2018 Grateful 6 | Making the Move

Things have been a little scatty lately. What with my recent memory blank and other odd stuff going on, it felt like the puppet master was tugging a little too heavily on the strings. I was a tad discombobulated. Something was off and I couldn’t quite put my finger on it. Back in Budapest for a few days after a quick trip home to see the folks, I ran into a friend I hadn’t seen in a while. They congratulated me on making the move.

What move, I asked?

To the village, they said. I hear you’re now living down there during the week and just coming to Budapest at the weekend.

That stopped me in my tracks. I’d no idea that I’d moved.  But the more I thought about it, the more I realised that I had … mentally. I’d shifted from living in the city to living in the village. Budapest is somewhere I have a flat I can use when I’m working in the city or travelling in or out of it. The village is home. And with that admission, the discombobulation recombobulated and life suddenly felt okay again.

It’s 1 degree outside. It’s snowing. And we’re just back from a rather silly venture. I had the bright idea to go check on the walnut tree we spotted last year on the track that runs along the lake at the end of our property. Walnuts are in short supply. It’s been a bad season. But I figured we might strike it lucky. What I didn’t figure on is that they’d be impossible to find, buried as they no doubt are beneath layers of fallen leaves. Sometimes I seriously doubt my intelligence.  But it didn’t matter. We were out. It was bracingly cold. And it was snowing.

We came across this lovely red-stemmed bush with bunches of black berries. The red really stood out against the browns and golds of the dried leaves around it. And the grape-like clusters of berries looked good enough to eat. And I would have, had himself not pulled me up with a word of caution.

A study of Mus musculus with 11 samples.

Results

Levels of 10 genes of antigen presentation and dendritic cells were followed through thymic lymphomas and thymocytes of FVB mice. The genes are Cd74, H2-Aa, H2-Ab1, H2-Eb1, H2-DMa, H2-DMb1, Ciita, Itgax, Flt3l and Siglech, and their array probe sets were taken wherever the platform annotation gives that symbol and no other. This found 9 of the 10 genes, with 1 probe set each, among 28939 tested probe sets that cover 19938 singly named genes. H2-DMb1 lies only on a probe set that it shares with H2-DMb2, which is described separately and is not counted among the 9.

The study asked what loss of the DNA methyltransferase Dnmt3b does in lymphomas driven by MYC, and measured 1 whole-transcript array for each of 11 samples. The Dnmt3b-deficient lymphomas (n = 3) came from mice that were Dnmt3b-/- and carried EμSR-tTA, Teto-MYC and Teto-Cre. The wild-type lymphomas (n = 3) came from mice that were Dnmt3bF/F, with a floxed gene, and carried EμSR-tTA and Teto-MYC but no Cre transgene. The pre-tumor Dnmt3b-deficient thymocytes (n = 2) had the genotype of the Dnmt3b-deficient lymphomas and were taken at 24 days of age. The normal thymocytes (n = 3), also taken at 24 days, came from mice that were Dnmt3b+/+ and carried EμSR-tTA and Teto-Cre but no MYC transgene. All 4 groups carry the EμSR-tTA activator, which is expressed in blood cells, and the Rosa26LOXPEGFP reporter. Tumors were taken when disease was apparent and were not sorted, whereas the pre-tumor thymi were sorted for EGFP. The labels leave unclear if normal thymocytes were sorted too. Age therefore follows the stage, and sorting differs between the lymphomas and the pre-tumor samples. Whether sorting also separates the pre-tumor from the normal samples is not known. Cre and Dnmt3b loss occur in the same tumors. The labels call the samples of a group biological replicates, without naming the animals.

They’re low. There are deer tracks. And the deer haven’t eaten them. You sure you want to try?

I couldn’t fault the man’s logic. So I checked WebMD.

Pokeweed, aka American Nightshade. The root is supposedly used in medicines to treat a range of ailments from acne to ringworm, from achy muscles to syphilis. It’s used in food and wine a colouring agent and in manufacturing to make ink and dye. I was already seeing the possibilities. But then I read on, on the same site:

All parts of the pokeweed plant, especially the root, are poisonous. Severe poisoning has been reported from drinking tea brewed from pokeweed root and pokeweed leaves. Poisoning also has resulted from drinking pokeberry wine and eating pokeberry pancakes. Eating just 10 berries can be toxic to an adult.

There went my pokeweed jam idea. Unless I wanted to cause vomiting, cramps, diarrhoea, incontinence, and more along that vein. [Could there be a market in that?] Apparently, even touching it can cause harm. Getting mixed messages and not willing to believe that this luscious crop of berries couldn’t end up in a jamjar, I checked Poison.org. Yep, pokeberries are definitely not good for you.

Although disappointed I couldn’t put them to good use, I was pleased that I’d make a discovery. That I’d learned something new. As the snow blew across the fields, parallel to the ground, I felt the crispness of winter. I was cold. I was wet. And I was happy. This week, I’m grateful to be home.